The Stinger

Censoring Our Learning

Newbury+Park+High+School+student+Tam+Le+speaks+out+against+the+newly+installed+amendment+regarding+censorship+at+a+district+board+meeting.%0APhoto+courtesy+of+%40ReporterDawn+on+Twitter.
Newbury Park High School student Tam Le speaks out against the newly installed amendment regarding censorship at a district board meeting.
Photo courtesy of @ReporterDawn on Twitter.

Newbury Park High School student Tam Le speaks out against the newly installed amendment regarding censorship at a district board meeting. Photo courtesy of @ReporterDawn on Twitter.

Newbury Park High School student Tam Le speaks out against the newly installed amendment regarding censorship at a district board meeting. Photo courtesy of @ReporterDawn on Twitter.

Marcella Barneclo, Staff Writer


School supposedly assists students in preparing for the outside world where all the “mature content” exists. In a society such as ours there is a point in time when burgeoning adults have to be fully exposed to the reality we live in. What better time than high school?

Already, students have uncovered dosages of racial bigotry, sexual assault, wars, shootings, etc. through current events that are splashed across every newspaper and television. Whether it be a comment made by a politician, corruption of the movie industry, or a Netflix show, teens have already been bared to our twisted society.

The problem is that parents seem to be unaware of teenagers’ perception of the world and the level of exposure that we have reached. Board President Mike Dunn said in an email to the Ventura County Star that “[the added] amendments will strengthen parent rights and help protect the innocence of our children.” I have duly noted the use of the word “children” that is intended to be condescending and prove that teenagers are far too young and innocent to handle mature content.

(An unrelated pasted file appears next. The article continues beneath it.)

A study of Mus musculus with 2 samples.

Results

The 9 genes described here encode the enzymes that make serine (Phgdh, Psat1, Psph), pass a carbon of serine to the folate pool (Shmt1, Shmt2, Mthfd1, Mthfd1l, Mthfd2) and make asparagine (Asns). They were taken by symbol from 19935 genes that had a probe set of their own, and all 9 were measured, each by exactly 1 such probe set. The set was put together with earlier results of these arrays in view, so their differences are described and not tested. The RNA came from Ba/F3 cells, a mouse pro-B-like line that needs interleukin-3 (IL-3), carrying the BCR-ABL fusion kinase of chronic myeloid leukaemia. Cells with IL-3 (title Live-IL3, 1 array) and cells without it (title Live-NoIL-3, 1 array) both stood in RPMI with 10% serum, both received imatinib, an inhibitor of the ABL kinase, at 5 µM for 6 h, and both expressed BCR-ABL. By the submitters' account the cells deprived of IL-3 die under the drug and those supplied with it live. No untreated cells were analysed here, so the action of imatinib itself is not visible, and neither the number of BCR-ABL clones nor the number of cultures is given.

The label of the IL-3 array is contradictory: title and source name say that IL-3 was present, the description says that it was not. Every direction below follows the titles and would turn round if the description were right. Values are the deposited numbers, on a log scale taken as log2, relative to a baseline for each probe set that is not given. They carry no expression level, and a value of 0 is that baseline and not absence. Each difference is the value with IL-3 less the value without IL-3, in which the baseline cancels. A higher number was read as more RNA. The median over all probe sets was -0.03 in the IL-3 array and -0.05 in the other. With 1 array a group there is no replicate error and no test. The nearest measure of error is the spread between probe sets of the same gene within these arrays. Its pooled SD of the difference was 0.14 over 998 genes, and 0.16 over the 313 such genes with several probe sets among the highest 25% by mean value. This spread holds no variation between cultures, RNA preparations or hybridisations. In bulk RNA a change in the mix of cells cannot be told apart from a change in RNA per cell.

On the other hand, the decision made by a student to opt-out of a book is a conscious choice on their part that acknowledges personal beliefs and advocates the student’s independence. A parent that dictates the life of their teenage student harms more than helps student individuality and the growth of various qualities needed to become an adult.

Lora Novak, who has held the Chair position at Newbury High School for seven years, spoke against the policy at the Board Meeting; I agree with her position. “I believe that it is soft censorship [despite certain] proponents of the policy [saying] that it is not censorship, but it really is what I would call soft censorship. The second you start putting asterisks next to books and really sort of making it look scary… [you frighten] students and parents away from reading,” said Novak.

Additionally, since schools refuse to discuss these sometimes disputatious subjects (without the student having to initiate the conversation) students cannot logically and ethically debate and discuss what is presented in everyday life. “Controversial issues may be discussed in the classroom, provided that discussion or study of the issue is instigated by the students or by the established curriculum, not by a source outside of the schools,” states Administrative Regulation 6144 on controversial topics.

CVUSD already censors books with a preexisting opt-out policy, calling into question the purpose of this even more limiting policy. “It’s a misconception that we’re protesting the right for parents to opt their child out of reading a certain book. There’s been an opt out policy that’s worked for years,” said senior Tam Le who attends Newbury High School and also spoke against the policy.

Teachers should guide students to find truth and, as Ralph Ellison once said, “to see America with an awareness of its rich diversity and its almost magical fluidity and freedom. . . . Confronting the inequalities and brutalities of our society forthrightly, yet thrusting forth its images of hope, human fraternity, and individual self-realization.”